Everything in its place: How to have a tidy home
- Credit: Archant
If all your possessions bring unadulterated pleasure, you are not only blessed but unusual. Most of us are apparently struggling with too much stuff, and half of it we don’t even like.
Every so often, we may have an ineffectual cull, but then gradually become ever more dispirited as a tide of belongings gradually creeps back.
There’s a way to revolutionise our spaces, and our lives, though, according to Marie Kondo, a self-styled expert in de-cluttering, whose method is followed by an ever-increasing band of converts worldwide.
“It’s very natural to me to say, ‘Thank you’ to the goods which support us, but if they are no longer bringing joy, I touch them and bid them a fond farewell,” says the Japanese author of the bestselling, The Life-Changing Magic of Tidying.
Part of her success lies in tackling our emotional attachment to belongings. Many of us cling to items even when they’re well past their sell-by-date, purely because we attach them to memories and feelings.
If that feels emotionally challenging, you could get savvy with storage instead, a path recommended by interiors expert Rebecca Winward who has tips for streamlining possessions and inspiring ideas for kitting out rooms.
“Identify problem areas in your home and tackle those first, to have a more immediate, positive impact on your experience of everyday life. Then, moving on to sort out the storage in the rest of your property will not only seem more achievable, but more rewarding too.”
So, stand by your clutter and choose your method: KonMarie, as Kondo dubs her approach, or Winward’s EIIP (Everything In Its Place) - you have nothing to lose but a mess!
KonMarie is a swift, decisive approach that aims to transform a home in one major revamp. It also claims to be unusually speedy, because instead of de-cluttering room by room, Kondo advises tackling belongings by subject, starting with what’s easiest to part with - so clothes, then books, paperwork, miscellaneous items and then the trickiest category: photos and memorabilia.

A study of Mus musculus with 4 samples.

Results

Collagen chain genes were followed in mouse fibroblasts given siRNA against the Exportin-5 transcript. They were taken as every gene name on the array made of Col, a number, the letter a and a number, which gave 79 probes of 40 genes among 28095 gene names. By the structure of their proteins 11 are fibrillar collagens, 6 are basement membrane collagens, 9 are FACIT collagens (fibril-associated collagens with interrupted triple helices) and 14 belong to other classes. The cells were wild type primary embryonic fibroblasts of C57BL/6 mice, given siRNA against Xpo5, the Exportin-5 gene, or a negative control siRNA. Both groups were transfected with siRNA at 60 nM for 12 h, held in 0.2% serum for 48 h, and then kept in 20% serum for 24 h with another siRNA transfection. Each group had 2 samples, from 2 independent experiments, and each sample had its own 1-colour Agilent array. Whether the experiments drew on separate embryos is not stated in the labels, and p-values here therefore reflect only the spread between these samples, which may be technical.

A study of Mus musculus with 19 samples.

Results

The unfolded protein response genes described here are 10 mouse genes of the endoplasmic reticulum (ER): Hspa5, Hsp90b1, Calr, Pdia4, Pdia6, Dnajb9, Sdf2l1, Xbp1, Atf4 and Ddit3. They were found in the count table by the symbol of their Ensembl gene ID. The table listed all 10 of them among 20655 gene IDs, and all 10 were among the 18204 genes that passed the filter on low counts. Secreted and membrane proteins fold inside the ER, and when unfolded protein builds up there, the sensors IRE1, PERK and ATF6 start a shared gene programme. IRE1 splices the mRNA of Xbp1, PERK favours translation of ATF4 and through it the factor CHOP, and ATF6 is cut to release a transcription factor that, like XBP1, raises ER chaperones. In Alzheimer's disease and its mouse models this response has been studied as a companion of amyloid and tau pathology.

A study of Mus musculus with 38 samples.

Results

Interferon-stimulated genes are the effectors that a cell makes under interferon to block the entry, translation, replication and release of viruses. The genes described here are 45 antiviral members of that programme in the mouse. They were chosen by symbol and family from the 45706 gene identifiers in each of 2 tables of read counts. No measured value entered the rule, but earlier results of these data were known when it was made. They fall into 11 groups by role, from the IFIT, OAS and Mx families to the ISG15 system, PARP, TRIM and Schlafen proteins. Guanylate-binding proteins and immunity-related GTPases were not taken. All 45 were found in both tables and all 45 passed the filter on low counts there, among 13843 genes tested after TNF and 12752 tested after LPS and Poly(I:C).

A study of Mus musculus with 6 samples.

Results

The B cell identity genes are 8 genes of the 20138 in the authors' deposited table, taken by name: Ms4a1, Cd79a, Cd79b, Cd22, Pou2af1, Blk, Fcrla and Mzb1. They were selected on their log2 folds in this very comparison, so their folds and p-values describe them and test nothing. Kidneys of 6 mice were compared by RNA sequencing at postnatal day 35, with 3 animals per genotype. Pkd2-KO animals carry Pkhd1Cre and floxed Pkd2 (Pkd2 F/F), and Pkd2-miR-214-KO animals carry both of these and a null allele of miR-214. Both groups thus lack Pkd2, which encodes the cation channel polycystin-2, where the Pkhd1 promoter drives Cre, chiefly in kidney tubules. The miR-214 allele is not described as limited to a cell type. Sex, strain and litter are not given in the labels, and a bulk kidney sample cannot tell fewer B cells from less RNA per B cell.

“I always tell people, which amazes them, that tidying is a special event - don’t do it every day! It should be done once and then your house will be in order. Any attempt to tidy on a daily basis will always be doomed to failure,” warns Kondo.
“Once that’s achieved, all you need to stick to is returning an item to its designated place after use. You will then have a lifestyle you aspire to and be able to enjoy a clean and uncluttered space of your choosing.”
Define your vision before you start - and don’t be too general or just aspire to be tidier. Instead, visualise exactly how you’d like rooms to look.
Tidy a space completely to transform the scenery around you - the key is to make the change so sudden, you experience a complete change of heart.
Storage alone will not solve the problem of getting rid of clutter, says Kondo, it will merely conceal it for a time.
“Tidying must start with discarding” she insists, but advises focusing on what you want to keep rather than deciding what to get rid of.
Place for everything
If you walk the Winward way, you’ll take a more measured approach to the clutter crisis. She says, “Remember you don’t need to go from chaos to perfection in one hit. You can take your time to achieve the order you’re looking for.”
She advises a room-by-room so you can narrow down what should be kept in a particular space. Break the tasks into smaller chunks, and minimise the mayhem by confining the process to one specific area at any one time.
Choose a room that’s relatively easy to straighten out - perhaps a bedroom or bathroom.
For living rooms, invest in storage that keeps TVs, games consoles, media players and CD collections out of sight. A specialist unit or fitted cupboard might be wise. If your look’s contemporary, a wall of storage with doors is a sleek approach.
It’s said we wear 20 per cent of our clothes 80 per cent of the time, so Winward advises conducting a clothing audit - remove, store or dispose of those that haven’t been worn in a year.
Before choosing storage, work out where you plan to site it and then choose pieces whose dimensions fit the space. “Beware of squeezing a piece in somewhere it only just fits, as the effect will be cramped.
Don’t be afraid to replace freestanding furniture when you move to a new house, if the layout of your new abode is different to the previous home.”
Tackle an overload of books in an imaginative way, she suggests, by displaying a selection in a redundant fireplace, or using a block of volumes to support a sheet of Perspex to make an unusual coffee table.